Lake Winni in Tuftonboro

Lake Winnipesaukee, as seen from Tuftonboro. Unlike the other lakes, Lake Winnipesaukee is not drawn down in the fall. (Jeremy Hart photo/for The Laconia Daily Sun)

CONCORD — The annual fall drawdown of the lakes and ponds controlled by dams owned by the New Hampshire Department of Environmental Services will be initiated according to the following schedule.

The Suncook Lakes in Barnstead, part of the Suncook River, will be drawn down five feet on Oct. 1, one of the first to be drawn down. Crystal Lake in Gilmanton, part of the Suncook River, will be drawn down three to four feet, also on Oct. 1. The Crystal Lake drawdown is in conjunction with upstream bridge work. Upon completion, the water level will be raised to the usual winter drawdown level.

The depth of drawdowns are not from the current levels, but is from the normal full levels. Due to changing ice and hydrologic conditions, these levels can vary throughout the winter. Since the hydrologic conditions and recreational uses of these water bodies vary, the degree and date of the start of drawdown for each lake vary and could be affected by the amount of rainfall during the period. In addition, the actual date at which the drawdown will begin could vary by a few days based on operational constraints.

Most other Lakes Region bodies of water will be drawn down on Oct. 11. Sunset Lake in Alton, part of the Suncook River, will be drawn down seven feet. Shellcamp Pond in Gilmanton, part of Academy Brook, will be drawn down two feet. Barnstead Parade in Barnstead, part of the Suncook River, will be drawn down 1.5 feet. Webster Lake in Franklin, part of Chance Brook, will be drawn down two feet.

Lake Kanasatka in Moultonborough, a tributary to Lake Winnipesaukee, will be drawn down 1.5 feet on Nov. 1.

Newfound Lake in Bristol, part of the Newfound River, which will be drawn down two feet, and Squam Lake in Ashland, part of the Squam River, which will be drawn down 2.5 feet, both on Oct. 11., are some of the larger lakes that generally do not reach their full drawdowns until mid or late March. The drawdown values are generally the maximum levels reached, although during any given year the levels reached can be either higher or lower due to weather conditions.

Not included in this schedule is Lake Winnipesaukee. Unlike the other lakes, Lake Winnipesaukee is not purposely drawn down in the fall. Instead, after Columbus Day, the releases from Lakeport Dam are reduced from a normal minimum of 250 cubic feet per second to a flow between 30 and 50 cubic feet per second for up to two weeks to allow for maintenance of the dams and hydropower facilities on the Winnipesaukee River. This is the minimum flow needed to maintain the downstream aquatic life during this period. This year the reduction will begin on Oct. 18.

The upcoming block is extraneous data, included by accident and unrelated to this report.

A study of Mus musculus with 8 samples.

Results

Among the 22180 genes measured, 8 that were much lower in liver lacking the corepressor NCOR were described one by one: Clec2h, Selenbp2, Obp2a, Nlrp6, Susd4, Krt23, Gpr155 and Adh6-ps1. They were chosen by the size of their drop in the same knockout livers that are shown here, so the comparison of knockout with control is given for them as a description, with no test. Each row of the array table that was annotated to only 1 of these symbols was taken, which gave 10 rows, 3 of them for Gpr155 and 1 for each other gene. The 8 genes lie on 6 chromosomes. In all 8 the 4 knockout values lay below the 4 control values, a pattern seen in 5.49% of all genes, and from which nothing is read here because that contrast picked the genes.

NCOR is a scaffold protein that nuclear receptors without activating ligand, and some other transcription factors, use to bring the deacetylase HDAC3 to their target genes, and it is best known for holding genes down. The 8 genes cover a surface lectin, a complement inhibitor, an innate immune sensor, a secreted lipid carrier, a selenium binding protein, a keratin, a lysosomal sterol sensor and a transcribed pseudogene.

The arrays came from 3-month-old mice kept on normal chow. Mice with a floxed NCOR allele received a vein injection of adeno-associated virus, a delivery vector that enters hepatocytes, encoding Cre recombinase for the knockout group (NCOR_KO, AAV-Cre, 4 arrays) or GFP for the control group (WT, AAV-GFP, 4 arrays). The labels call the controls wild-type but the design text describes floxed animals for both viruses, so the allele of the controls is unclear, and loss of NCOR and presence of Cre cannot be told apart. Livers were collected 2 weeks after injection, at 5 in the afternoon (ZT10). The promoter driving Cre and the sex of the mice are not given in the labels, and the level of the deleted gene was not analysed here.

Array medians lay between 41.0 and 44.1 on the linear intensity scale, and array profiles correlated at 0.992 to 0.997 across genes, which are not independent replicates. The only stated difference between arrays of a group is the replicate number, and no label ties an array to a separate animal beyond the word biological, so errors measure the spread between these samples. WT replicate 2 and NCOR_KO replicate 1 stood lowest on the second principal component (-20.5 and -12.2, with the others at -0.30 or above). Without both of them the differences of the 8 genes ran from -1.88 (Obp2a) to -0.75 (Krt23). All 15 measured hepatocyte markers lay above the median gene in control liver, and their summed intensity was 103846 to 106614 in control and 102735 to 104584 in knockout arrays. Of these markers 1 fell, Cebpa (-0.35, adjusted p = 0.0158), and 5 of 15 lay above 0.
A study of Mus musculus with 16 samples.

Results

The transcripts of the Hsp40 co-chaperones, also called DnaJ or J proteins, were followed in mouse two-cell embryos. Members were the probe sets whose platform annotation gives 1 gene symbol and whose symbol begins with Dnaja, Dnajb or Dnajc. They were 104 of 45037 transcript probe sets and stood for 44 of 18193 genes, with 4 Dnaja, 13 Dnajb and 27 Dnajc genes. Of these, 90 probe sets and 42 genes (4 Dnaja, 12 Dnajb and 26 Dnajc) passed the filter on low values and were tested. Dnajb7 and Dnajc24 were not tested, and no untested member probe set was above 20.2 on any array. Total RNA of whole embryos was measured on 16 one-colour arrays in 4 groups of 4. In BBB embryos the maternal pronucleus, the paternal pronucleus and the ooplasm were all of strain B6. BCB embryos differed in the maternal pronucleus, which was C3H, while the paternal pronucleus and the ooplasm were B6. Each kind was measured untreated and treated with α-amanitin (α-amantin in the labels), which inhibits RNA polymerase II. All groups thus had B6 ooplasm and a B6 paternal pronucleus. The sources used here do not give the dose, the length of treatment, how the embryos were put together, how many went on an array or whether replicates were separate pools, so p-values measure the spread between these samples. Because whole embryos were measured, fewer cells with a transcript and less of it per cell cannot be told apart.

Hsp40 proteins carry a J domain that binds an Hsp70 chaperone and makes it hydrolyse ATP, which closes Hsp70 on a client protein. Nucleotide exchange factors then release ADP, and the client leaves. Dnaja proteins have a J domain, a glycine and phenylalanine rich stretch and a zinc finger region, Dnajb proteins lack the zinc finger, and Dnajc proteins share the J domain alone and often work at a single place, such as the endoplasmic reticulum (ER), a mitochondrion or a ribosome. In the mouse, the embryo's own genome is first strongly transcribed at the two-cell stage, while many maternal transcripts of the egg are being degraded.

By mid-fall, Lake Winnipesaukee is on average 15 inches below its springtime full level due to evaporation and releases from the lake over the course of the summer. Because of this summer’s drought, the level of the lake is already at that elevation. When the amount of water released from the dam is reduced after Columbus Day, the lake level is not expected to drop significantly for the remainder of the month of October and, if drought conditions ease in the fall and winter, it is expected to remain relatively stable through the month of December absent any major rainfall events. Depending on the amount of snow on the ground in the winter, the lake level may be lowered further beginning in January to a depth of two feet below the normal full level.

A plot of the average lake levels throughout the year for Lake Winnipesaukee is provided at nh.gov. Also included are updated plots of this year’s lake levels, releases from the dam, and precipitation.

The NH Fish and Game Department recommends that if special drawdowns are to be conducted for the purposes of repairing property such as retaining walls or private boat ramps they occur only once in every five years. In the event a party may wish to conduct such a drawdown, contact the DES Dam Bureau immediately after receiving all permits required for such work, so that the drawdown can be coordinated with any other work at the same water body being proposed by other parties. In this way the number of special drawdowns can be minimized, and unexpected delays of up to five years for these projects can be avoided.

Lake drawdowns are conducted each fall to reduce winter ice damage to shoreline properties and to reduce spring flooding. Drawdowns also give property owners an opportunity to conduct any necessary repairs to their waterfront property, provided they first secure a permit from the DES Wetlands Bureau at 603-271-2147.

(0) comments

Welcome to the discussion.

Keep it Clean. Please avoid obscene, vulgar, lewd, racist or sexually-oriented language.
PLEASE TURN OFF YOUR CAPS LOCK.
Don't Threaten. Threats of harming another person will not be tolerated.
Be Truthful. Don't knowingly lie about anyone or anything.
Be Nice. No racism, sexism or any sort of -ism that is degrading to another person.
Be Proactive. Use the 'Report' link on each comment to let us know of abusive posts.
Share with Us. We'd love to hear eyewitness accounts, the history behind an article.